A fire at the National Grid’s converter station at Sellindge, southern England, on 15 September has shut down the IFA interconnector linking the UK grid to that of France.
Twelve fire crews were sent to the site, which was evacuated by National Grid, and there have been no reports of casualties.
National Grid ESO stated it expects to "continue supplying electricity safely and securely" but that there would be a reduction in the amount of electricity available to the network until 13 October. However the loss of the 2 GW link, which is a net importer of power from France, and not expected to return to service until next March, will put a strain on the UK network which is already facing a supply crunch that has seen market prices surge to a record £2500 per MWh, the clearing price for the hours of peak demand at one of the UK’s main electricity auctions on 15 September, compared to the 2019/2020 norm of £40. It is being reported that as a result coal plants are being warmed up to meet the expected increase in demand as temperatures reduce during the autumn.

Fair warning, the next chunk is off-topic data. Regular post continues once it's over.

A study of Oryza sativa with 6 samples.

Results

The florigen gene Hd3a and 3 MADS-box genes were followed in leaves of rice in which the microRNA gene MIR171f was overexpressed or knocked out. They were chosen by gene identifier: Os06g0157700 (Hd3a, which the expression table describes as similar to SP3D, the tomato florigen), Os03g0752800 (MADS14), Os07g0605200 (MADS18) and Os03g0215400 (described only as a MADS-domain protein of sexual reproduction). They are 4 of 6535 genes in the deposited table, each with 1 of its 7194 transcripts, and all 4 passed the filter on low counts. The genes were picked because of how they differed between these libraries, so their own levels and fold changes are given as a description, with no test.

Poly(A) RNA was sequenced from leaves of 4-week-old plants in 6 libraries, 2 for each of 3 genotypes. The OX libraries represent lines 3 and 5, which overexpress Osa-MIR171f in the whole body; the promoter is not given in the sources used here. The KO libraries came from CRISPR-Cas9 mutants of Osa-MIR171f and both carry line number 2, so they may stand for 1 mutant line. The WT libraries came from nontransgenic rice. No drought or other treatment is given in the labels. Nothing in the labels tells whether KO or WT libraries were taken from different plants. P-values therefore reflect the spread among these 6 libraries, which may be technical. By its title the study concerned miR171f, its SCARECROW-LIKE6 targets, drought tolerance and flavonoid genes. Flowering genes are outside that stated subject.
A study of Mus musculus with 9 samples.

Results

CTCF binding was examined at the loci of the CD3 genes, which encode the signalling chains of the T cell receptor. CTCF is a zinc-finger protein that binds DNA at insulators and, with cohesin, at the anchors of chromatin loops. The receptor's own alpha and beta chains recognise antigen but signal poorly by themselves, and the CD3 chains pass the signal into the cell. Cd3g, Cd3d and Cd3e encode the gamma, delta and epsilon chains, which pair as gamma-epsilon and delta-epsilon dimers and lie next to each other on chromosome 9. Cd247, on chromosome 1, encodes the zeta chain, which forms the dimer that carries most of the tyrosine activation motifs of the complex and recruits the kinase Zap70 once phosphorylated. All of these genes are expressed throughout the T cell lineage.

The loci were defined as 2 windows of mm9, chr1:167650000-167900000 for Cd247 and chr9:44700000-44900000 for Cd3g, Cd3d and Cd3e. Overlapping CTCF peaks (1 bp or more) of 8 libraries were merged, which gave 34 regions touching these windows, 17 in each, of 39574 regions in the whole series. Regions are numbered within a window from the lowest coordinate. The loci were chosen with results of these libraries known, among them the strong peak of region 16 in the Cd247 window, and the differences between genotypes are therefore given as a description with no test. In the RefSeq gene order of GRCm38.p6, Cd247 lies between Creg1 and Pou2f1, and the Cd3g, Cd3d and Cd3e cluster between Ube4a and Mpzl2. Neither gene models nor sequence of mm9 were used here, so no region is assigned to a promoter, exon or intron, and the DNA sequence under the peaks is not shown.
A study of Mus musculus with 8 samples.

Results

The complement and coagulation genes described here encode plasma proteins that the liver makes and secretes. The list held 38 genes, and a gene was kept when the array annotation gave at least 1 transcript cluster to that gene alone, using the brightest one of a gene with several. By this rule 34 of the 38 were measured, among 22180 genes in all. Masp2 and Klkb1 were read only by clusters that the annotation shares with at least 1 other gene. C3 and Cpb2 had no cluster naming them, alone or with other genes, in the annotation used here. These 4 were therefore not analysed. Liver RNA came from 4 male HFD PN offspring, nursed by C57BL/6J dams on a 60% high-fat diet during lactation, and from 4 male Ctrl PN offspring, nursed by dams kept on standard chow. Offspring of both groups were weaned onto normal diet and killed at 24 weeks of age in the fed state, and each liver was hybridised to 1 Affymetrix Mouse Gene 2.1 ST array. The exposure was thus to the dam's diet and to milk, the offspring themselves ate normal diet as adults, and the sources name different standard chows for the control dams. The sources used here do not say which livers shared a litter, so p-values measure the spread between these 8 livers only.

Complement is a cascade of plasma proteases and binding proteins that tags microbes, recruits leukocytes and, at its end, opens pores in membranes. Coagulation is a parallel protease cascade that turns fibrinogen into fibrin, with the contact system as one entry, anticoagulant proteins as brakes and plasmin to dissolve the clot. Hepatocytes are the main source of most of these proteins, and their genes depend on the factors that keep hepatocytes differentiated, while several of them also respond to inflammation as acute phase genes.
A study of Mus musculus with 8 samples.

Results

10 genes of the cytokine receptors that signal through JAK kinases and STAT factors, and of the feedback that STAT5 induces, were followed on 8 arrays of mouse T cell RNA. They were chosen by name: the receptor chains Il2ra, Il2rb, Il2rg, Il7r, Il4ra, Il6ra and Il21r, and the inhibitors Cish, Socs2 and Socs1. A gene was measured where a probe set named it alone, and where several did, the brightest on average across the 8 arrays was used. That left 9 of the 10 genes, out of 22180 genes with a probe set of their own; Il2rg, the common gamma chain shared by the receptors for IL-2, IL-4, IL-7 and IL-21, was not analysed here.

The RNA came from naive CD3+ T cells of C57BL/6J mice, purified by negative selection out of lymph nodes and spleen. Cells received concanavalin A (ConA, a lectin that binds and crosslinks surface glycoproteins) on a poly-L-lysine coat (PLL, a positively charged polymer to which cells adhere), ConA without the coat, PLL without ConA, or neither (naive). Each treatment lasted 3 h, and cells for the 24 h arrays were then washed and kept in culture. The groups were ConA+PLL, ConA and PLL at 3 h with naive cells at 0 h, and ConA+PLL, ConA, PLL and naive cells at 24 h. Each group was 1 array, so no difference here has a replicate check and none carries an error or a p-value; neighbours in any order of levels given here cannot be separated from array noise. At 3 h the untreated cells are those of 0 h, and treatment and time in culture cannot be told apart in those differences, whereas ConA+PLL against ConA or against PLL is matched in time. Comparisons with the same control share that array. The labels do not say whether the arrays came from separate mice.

The UK faces record energy prices after a global gas market surge raised the cost of running gas power plants, a factor that has been compounded by a string of power plant outages and low wind speeds. Energy price highs are expected to cause a string of small energy supply companies to fail, and have already forced some steelmakers to shut their factories during hours of peak electricity demand. Market experts fear this latest blow to the UK’s power system could cause prices to rise further and will increase the UK’s reliance on running its last remaining coal plants.